Could you talk about the title?
I wrote that particular poem, the title poem, during a very productive period, one of those exciting times when it seems like new poems are constantly coming on. I remember that the title came first, and I also remember something my friend Ed Skoog said when he read the poem, which was that each line seemed like a great title for a poem. That was quite a compliment, I thought. Anyway, I was very excited about the title of that poem—I wasn’t entirely sure what it meant, but I loved where it took my imagination and the way it presented something paradoxically distasteful and enticing. And isn’t that the way desire sometimes feels?
How long did the book take to write?
My flippant answer is “too long,” but in some ways it’s true. The earliest poem in Butcher’s Sugar probably dates from 1992, and the most recent one is from 2009 or 2010, so about 18 years in all. I worked on it most intensively from about 2000 to 2003 or 2004. Right about then is when I started work on Motion Studies, which came out in 2011, and when I started seriously trying to create the manuscript that would become Butcher’s Sugar.
That’s a long time. Did your vision of the book change in any significant ways while you were working on it?
Yes, in huge ways. Some of the first poems I wrote that ended up in here, like “Queer Studies,” didn’t come out of a specific vision at all, but from exercises I was giving myself while learning to write formal verse. My first efforts in traditional forms felt very mannered to me, because I didn’t have any facility with the craft, and one consequence was that the tone of those poems was a little arch, a little knowing. Another was that, for whatever reason, I began for the first time writing poems that had identifiably gay content. I had written a great deal by then, enough to have most of the manuscript of my first book, but this shift was very unexpected and, in some ways, unsettling. It sounds so strange to say now, but at that time, even though I’d been out sexually since I was a teenager, I really didn’t want to be pegged as a gay poet. I was trying to emulate Stevens and Bishop and other American and European high Modernists, and also trying to avoid any sort of confessional mode, even though I loved Sexton and Plath. It was a lot to work through, personally and aesthetically. I wrote some awful but necessary poems, the effluvia of an artistic late adolescence. Years later, with Motion Studies, I had a sweetly awkward moment when I had to explain to my editor that yes, the male speaker of some of these poems has a husband.
There’s quite a cast of speakers in the book: figures from mythology, a couple of murderers, some nameless but creepy voices like the ones in “The Cheat” and “My Last Boyess.” Is it fair to ask if your personal voice is anywhere in the book?
Yes, that’s fair, and yes, my voice is definitely in the book. At the same time, I’m a little wary of saying this particular poem is “me” and this one isn’t. Much of this book was motivated by a love of the persona poem and dramatic monologue. I love the freedom of not being my autobiographical self in the moment of the poem, and I’m intrigued by the ways a seemingly autobiographical poem is actually a fiction. That’s why writing “Night Lesson: A Writing Assignment” was so much fun, because it gave me the chance to play with all of those registers: I’m myself and a self-referential persona masquerading as myself, and I’m the boy being referred to, and I’m “just a mouth in the dark.” But before I go further with this, may I ask you to clarify something about your question?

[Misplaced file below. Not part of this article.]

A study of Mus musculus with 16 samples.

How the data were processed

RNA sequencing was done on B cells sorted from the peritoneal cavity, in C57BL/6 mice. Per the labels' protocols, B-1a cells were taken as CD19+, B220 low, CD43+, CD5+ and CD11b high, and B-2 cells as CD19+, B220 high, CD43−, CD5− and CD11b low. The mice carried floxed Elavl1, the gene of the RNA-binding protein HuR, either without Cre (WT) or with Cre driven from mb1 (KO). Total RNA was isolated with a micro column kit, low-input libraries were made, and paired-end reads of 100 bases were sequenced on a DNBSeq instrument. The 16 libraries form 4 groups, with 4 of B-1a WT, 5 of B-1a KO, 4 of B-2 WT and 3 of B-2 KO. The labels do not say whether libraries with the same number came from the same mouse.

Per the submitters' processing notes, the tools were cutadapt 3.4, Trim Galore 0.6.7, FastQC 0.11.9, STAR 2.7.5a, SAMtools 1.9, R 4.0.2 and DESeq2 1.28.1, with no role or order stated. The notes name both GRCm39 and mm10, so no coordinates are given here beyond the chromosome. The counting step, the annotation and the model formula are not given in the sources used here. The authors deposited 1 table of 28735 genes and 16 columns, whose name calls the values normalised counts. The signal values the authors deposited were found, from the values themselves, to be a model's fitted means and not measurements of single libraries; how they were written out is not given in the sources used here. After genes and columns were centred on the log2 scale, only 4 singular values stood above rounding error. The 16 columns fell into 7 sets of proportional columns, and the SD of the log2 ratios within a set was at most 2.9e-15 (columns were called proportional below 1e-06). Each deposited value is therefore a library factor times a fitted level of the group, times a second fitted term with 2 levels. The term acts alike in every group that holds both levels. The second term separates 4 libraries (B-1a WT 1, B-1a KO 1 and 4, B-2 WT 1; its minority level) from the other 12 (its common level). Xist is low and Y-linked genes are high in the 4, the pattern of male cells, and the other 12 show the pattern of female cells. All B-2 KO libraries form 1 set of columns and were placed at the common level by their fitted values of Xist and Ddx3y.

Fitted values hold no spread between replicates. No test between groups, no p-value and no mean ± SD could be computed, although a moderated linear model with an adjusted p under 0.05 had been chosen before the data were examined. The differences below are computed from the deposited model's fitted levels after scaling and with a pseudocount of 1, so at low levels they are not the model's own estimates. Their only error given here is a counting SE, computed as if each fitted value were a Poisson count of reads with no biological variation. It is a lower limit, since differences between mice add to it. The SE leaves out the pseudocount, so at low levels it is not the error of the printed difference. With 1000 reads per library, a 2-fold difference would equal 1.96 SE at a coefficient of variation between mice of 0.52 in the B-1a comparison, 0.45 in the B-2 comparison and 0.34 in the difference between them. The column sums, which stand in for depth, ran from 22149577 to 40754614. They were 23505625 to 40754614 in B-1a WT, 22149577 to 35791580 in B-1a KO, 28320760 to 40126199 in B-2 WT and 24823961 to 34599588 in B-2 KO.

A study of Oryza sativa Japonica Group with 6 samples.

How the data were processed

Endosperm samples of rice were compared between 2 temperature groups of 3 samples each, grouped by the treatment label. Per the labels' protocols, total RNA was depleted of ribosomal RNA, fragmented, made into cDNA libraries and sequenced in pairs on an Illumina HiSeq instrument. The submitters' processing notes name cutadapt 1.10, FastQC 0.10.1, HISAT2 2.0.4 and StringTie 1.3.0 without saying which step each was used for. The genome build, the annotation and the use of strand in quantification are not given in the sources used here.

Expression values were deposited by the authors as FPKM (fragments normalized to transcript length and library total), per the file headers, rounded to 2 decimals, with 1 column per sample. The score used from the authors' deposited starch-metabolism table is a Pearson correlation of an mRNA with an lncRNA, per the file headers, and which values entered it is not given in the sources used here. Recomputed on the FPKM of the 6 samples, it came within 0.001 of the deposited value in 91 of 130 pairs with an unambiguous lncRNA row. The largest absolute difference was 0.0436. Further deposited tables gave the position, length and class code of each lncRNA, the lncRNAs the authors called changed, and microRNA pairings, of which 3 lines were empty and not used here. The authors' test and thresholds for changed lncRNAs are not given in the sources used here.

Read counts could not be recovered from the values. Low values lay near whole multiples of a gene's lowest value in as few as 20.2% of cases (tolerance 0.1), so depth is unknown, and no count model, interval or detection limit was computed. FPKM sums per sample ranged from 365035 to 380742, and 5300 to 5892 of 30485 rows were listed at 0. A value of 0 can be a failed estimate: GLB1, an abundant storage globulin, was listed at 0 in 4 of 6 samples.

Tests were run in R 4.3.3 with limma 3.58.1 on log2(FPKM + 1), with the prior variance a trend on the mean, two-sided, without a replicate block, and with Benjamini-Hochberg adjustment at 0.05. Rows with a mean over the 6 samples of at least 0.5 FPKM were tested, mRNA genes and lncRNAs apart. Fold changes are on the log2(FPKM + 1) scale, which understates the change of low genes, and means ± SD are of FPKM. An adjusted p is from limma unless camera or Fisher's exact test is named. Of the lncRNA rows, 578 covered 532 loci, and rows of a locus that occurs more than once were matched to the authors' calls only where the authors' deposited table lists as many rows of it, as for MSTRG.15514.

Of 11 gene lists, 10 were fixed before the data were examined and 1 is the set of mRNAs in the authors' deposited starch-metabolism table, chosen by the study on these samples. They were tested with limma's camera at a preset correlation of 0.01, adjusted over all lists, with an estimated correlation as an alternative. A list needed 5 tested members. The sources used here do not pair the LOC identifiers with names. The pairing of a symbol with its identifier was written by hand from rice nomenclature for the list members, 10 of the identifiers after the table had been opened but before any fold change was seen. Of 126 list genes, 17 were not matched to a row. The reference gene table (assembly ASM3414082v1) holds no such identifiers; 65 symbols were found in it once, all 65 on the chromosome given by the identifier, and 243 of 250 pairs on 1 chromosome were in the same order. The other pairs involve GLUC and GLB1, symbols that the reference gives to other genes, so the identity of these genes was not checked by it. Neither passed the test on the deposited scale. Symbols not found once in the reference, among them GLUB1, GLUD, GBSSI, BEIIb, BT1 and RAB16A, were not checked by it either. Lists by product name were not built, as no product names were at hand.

OK. Are you asking if my voice is also in the voices of the creeps in the book, the murderers and sexual monsters?
Well, since you’re putting it that way, yes, I am wondering about that.
OK, just wanted to make sure. And my very clear, definitive answer is no. I was drawn to some of those voices out of a desire to expose them, to bare them before the reader for what they are. I think “Eye-Fucking” is in fact a ‘confessional’ poem, and not only because Donald Aldrich—the gay-bashing killer who voices the poem—is confessing his crime, but because I am confessing and trying to come to grips with my horror and sadness. I remember feeling physically ill after I wrote that poem, but also like I’d done something necessary.
Thinking about voice again, I want to ask about style. On the one hand, there’s a range in the book: poems like “Sunday Afternoon” and “Priapic Murmurs in Middle Age” strive for a formal and lexical elegance; “Eye-Fucking” is nearly prose in its rhythm and texture; poems like “Elegy in a Men’s Room” and “Young Soldier Watching Hermes Sleeping after Sex” are blunt and terse. On the other hand, there does seem to be a default lyric register that many of the poems conform to. Maybe I’m making too much of this observation, but does it mean anything to you?
‘A default lyric register’—interesting. Yeah, I think that’s accurate. And yes, I did strive toward a deliberate flatness in some of the poems, which freed me to try out some unusual effects, almost like Sprechstimme. So those were instance in which I couldn’t ask a poem to ‘sing’ in the usual ways that we think of as beautiful. And in the poems that do strive for something more recognizably beautiful—what I think you’re referring to as my default register—I wanted there to be something missing, or something wrong. But maybe I’m the only one who can hear that.
Motion Studies explored ekphrasis, personal narrative, and large historical themes. Butcher’s Sugar seems like a more intimate world, sometimes even a closed one: it opens with “Narcissistic” and includes two poems with “hermetic” in their titles. What will your next book be like?
Well, I’ve been working on two projects, one of which deals with large historical themes and the other one set in a private, nightmare universe, so who knows?